Business owners who can comply with strict Covid-19 safety measures for each alert level should be able to trade, says Auckland Chamber of Commerce CEO Michael Barnett.

Barnett said allowing shops to open if they can stick to strict compliance would be safer but also better for the economy than deeming some services essential and excluding others.

"Surely it's a case of compliance? If you give a set of strict conditions and if a business knows it can provide a service while complying it can open.

"If there is contact tracing on every visit what better way to get everyone to download and use the Government app?"


"Small businesses are often better equipped than some of the bigger stores to keep things in check."

Amber McIvor, who owns Verdo Parnell, specialising in nails, brows, cosmetic tattooing, and skin treatments, said with the right precautions businesses like hers could operate safely.

"With mandatory masks, me wearing a visor, sanitising and temperature and pre-visit health checks I could provide some services safely.

"Otherwise we are going to see a lot of closures, a lot of small businesses will not survive another lockdown."

Some small business owners say they can trade safely with additional measures. Photo / Getty
Some small business owners say they can trade safely with additional measures. Photo / Getty

Hair salons, massage therapists, chiropractors and physiotherapists cannot operate in level 3 because of social distancing requirements.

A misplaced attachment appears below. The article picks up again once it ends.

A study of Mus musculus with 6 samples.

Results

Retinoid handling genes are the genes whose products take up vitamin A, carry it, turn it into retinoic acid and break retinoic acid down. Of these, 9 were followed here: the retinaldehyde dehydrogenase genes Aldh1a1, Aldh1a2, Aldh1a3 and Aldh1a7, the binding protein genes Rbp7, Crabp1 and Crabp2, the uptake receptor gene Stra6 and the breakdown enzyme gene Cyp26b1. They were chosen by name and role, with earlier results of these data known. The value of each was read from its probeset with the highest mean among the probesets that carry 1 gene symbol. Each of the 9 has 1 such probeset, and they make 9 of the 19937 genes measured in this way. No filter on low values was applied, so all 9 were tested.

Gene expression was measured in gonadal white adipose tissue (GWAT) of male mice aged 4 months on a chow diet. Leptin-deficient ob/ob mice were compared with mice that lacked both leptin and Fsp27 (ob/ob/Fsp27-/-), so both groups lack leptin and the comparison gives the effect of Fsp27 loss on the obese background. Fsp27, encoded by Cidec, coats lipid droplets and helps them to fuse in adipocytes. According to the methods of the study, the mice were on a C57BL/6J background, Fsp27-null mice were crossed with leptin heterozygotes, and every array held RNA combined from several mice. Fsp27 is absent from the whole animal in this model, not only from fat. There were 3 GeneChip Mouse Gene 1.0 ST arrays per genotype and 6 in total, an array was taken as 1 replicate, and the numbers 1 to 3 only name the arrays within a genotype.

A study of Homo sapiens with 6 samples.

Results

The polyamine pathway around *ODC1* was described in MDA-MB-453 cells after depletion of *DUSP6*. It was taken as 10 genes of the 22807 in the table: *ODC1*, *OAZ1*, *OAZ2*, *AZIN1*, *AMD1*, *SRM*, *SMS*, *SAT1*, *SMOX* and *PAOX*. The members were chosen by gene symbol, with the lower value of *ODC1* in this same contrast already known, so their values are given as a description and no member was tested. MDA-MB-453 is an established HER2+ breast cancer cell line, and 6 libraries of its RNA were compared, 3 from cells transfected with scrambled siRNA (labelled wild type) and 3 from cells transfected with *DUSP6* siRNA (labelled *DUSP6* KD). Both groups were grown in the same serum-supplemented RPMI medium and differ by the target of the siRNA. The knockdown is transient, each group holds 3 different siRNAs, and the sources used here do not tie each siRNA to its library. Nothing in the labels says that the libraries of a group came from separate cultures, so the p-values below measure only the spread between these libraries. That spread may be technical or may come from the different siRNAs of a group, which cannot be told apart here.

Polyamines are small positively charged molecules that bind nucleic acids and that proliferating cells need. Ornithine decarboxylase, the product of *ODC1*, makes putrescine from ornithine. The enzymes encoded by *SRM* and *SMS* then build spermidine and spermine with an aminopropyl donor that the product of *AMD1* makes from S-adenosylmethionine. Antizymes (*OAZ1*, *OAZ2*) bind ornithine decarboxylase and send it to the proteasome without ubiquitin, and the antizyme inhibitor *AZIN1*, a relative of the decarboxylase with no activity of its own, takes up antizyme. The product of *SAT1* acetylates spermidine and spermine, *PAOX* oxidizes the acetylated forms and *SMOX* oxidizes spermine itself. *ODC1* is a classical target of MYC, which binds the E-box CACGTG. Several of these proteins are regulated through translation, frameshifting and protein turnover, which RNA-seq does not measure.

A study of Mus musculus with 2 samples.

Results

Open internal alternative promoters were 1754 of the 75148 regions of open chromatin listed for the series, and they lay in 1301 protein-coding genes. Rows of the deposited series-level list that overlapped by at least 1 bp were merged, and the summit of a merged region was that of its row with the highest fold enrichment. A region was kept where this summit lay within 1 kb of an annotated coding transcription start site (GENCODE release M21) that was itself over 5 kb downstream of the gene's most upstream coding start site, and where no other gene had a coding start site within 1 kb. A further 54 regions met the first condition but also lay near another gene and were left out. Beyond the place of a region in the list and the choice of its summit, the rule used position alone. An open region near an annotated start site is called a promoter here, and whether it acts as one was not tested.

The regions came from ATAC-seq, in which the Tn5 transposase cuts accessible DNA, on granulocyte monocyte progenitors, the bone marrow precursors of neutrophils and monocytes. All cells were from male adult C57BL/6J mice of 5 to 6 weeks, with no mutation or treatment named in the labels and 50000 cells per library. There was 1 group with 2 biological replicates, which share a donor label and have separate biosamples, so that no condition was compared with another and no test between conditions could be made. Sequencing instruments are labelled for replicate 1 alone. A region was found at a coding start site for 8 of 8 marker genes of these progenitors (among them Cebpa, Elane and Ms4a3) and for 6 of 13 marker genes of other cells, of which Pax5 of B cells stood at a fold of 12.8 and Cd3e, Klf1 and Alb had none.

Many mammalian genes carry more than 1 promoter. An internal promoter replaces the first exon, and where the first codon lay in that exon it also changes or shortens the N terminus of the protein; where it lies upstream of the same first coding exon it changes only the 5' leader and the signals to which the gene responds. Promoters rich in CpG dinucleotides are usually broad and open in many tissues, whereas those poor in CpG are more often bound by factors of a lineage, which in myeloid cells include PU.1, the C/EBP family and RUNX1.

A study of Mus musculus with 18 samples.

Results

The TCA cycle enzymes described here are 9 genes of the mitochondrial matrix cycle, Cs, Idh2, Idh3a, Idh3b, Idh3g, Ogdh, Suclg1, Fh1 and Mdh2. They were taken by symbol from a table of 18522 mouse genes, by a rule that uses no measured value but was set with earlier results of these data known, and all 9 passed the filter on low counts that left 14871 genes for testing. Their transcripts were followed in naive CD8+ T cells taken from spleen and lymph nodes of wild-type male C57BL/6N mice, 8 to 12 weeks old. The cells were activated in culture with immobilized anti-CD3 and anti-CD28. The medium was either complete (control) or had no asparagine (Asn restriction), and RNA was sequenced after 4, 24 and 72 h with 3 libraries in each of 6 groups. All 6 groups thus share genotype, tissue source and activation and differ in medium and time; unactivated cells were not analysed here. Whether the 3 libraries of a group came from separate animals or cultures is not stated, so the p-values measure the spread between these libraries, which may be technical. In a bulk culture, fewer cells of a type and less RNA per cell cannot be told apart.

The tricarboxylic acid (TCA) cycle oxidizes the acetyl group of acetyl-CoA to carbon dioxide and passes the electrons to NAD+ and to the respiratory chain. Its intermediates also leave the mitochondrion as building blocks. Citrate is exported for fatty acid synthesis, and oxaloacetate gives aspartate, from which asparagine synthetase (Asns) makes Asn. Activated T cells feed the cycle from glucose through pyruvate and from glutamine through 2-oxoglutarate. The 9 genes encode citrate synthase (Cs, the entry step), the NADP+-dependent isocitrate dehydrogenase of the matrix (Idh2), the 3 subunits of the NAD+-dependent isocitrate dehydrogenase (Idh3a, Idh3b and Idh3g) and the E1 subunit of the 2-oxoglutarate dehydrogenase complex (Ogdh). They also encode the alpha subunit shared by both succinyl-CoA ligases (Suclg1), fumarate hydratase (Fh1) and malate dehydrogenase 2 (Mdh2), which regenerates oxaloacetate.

These businesses have seen a glimmer of hope in recent months with a surge in bookings after lockdown.

McIvor is now concerned that any recovery will be lost for these businesses if level 3 extends further than Friday midnight.


He said it came down to determining how far the outbreak had already spread and if a direct link to an overseas case could be identified.

McIvor said seven weeks would close already struggling businesses - wage subsidy or not.

"Businesses could absorb the losses of three days but if it goes longer than that, and it seems it will, then we need to be able to manage our businesses so they survive," she said.

"I know of plenty of business owners just like me who could do this safely so they are still able to feed their families and pay rent and mortgages."

Under alert level 3


This includes supermarkets, dairies, pharmacies and petrol stations.

Physical distancing rules apply so smaller spaces like petrol stations and dairies must operate a "one-in-one-out" policy.

Many other retailers, including clothing and gift stores, bookshops and garden centres, are still set up to provide contactless service from the previous lockdown. They can take online and phone orders with delivery or contactless pick-up.

Other stores such as electrical and appliances can deliver goods.

Cafes and restaurants can still offer takeaways and operate a drive-thru.